Staff say 35-hour week 'is a dream'

16th April 2004 at 01:00
The 35-hour working week, a key part of the post-McCrone agreement, is little more than an unattainable dream, a survey of Moray schools has revealed.

Any suggestions that the agreement is a "slackers' charter" appear to be wide of the mark. Most teachers are continuing to work well beyond their contractual hours - as they did before the 2001 agreement on working hours which was claimed by the unions as a means to control workload.

Follow-up surveys by the unions have shown that teachers still work around 42 hours a week and little has changed over the past three years. In Moray's survey, covering a sample of four primaries and two secondaries, staff say they are "conditioned" to working overtime.

Headteachers and deputes in all six schools report that their workload had not fallen and in some cases had increased.

The majority of teachers felt that a fixed week was an unattainable outcome. "The approach which tried to squeeze all existing practices into the 35-hour working week almost inevitably led to teachers having insufficient time for marking and preparation which had to be done outwith their contractual time," officials say.

Critics, including some south of the border, have claimed that it was madness for Scotland to opt for a 35-hour week when the job could not be done in that time. Others allege that in limiting all contracted work to 35 hours many activities have been sacrificed, including meetings with parents.

In Moray, smaller primary schools found planning and curriculum development difficult whereas larger schools found it was often the weight of marking and assessment caused by large class sizes which added to burdens.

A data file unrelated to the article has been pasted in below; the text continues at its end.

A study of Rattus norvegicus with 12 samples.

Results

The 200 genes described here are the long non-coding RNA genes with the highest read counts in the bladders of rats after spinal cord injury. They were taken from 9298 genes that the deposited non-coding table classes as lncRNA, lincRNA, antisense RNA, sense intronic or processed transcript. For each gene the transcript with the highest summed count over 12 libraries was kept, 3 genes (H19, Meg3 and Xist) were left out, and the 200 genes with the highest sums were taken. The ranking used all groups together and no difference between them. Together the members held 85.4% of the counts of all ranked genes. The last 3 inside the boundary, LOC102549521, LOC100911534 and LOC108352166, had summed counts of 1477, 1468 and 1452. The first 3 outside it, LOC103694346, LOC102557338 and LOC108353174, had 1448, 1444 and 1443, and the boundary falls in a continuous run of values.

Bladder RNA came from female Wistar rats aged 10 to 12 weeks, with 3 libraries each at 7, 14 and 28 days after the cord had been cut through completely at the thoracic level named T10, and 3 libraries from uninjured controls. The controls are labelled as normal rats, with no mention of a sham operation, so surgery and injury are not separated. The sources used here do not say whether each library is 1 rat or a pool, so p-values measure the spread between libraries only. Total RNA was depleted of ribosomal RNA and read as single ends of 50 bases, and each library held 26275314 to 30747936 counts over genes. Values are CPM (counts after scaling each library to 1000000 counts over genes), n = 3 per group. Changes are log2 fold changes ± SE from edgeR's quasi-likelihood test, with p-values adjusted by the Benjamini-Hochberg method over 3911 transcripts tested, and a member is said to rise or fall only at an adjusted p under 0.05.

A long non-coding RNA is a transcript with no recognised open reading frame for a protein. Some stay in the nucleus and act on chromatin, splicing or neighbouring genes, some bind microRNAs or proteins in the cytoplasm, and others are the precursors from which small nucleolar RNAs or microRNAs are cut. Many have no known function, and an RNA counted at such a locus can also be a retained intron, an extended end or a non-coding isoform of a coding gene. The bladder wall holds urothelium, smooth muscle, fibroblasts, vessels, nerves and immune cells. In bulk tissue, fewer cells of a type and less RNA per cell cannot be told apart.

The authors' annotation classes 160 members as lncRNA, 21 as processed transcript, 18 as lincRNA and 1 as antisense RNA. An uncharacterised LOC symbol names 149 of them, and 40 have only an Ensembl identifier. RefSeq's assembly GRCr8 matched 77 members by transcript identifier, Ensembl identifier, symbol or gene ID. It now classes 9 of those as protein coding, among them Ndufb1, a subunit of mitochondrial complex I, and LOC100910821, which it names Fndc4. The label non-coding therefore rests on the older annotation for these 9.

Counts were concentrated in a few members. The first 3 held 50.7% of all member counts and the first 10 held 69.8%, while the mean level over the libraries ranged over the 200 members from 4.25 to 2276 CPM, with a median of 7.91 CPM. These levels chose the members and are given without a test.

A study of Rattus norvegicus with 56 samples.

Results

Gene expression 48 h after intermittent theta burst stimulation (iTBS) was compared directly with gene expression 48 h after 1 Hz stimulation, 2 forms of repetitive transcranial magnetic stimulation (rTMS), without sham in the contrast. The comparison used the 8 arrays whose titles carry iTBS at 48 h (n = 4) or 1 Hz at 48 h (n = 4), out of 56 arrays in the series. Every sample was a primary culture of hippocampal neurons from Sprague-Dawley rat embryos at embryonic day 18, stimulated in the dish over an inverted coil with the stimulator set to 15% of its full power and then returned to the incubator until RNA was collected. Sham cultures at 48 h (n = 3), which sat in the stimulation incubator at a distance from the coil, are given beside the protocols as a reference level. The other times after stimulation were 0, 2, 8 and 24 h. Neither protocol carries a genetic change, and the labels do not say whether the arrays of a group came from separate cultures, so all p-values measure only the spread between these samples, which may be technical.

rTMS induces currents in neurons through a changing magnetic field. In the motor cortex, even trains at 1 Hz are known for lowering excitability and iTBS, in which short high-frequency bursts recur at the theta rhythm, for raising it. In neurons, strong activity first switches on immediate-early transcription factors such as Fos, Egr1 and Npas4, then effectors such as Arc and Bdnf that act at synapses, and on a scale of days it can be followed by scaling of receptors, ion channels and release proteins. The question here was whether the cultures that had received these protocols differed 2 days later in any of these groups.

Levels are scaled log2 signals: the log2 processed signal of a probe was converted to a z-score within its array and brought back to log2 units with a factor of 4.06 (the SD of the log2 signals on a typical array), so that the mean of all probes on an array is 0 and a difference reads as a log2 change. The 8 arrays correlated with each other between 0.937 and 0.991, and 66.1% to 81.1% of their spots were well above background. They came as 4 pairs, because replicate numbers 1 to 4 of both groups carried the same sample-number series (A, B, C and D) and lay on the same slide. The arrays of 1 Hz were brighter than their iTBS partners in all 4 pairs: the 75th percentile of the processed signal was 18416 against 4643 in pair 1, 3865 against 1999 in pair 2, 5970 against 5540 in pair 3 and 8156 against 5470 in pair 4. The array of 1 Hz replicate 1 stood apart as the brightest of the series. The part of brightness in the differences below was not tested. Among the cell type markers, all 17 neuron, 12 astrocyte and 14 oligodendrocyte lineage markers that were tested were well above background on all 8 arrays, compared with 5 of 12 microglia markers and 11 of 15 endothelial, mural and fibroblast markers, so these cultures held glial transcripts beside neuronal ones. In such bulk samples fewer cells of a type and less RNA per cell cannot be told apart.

Primary staff commented favourably on the introduction of new approaches to report writing and forward planning. They also spoke positively of "clear programmes of study".

But officials note: "No such benefits were apparent from secondary staff who, depending upon the subject taught, still felt there were inequalities across departments with regard to individual workloads and indeed demand of courses."

They highlight more negative attitudes as staff struggled to identify any tangible benefits. "This may well be due to the continuing pressures created by the SQA (Scottish Qualifications Authority) in particular," senior officials believe.

In both sectors, teachers say that inclusion policies are making extra demands and that some disruptive pupils add significantly to their workload and stress levels. Recruitment difficulties have heightened the sense of "tiredness".

On the positive side, all teachers commented favourably on the emergence of additional support staff and the difference they made to their workload.

"Almost inevitably, however, there was a demand for even more such staff," officials state.

Most teachers appear happy with school arrangements for local agreements and meetings, although there is a general feeling that they need more time for curriculum and professional development. They also need more time or some flexibility for ad hoc meetings with parents, psychologists and other agencies.

Primary staff say they need time to consult visiting specialists.

Leader 16

After the bell goes

* "The job simply can't be done in 35-hour weeks."

* "I'm a perfectionist and I will continue to work all the hours that I think are necessary."

* "We still operate on a high degree of goodwill and co-operation which means we go beyond the 35-hour week regularly."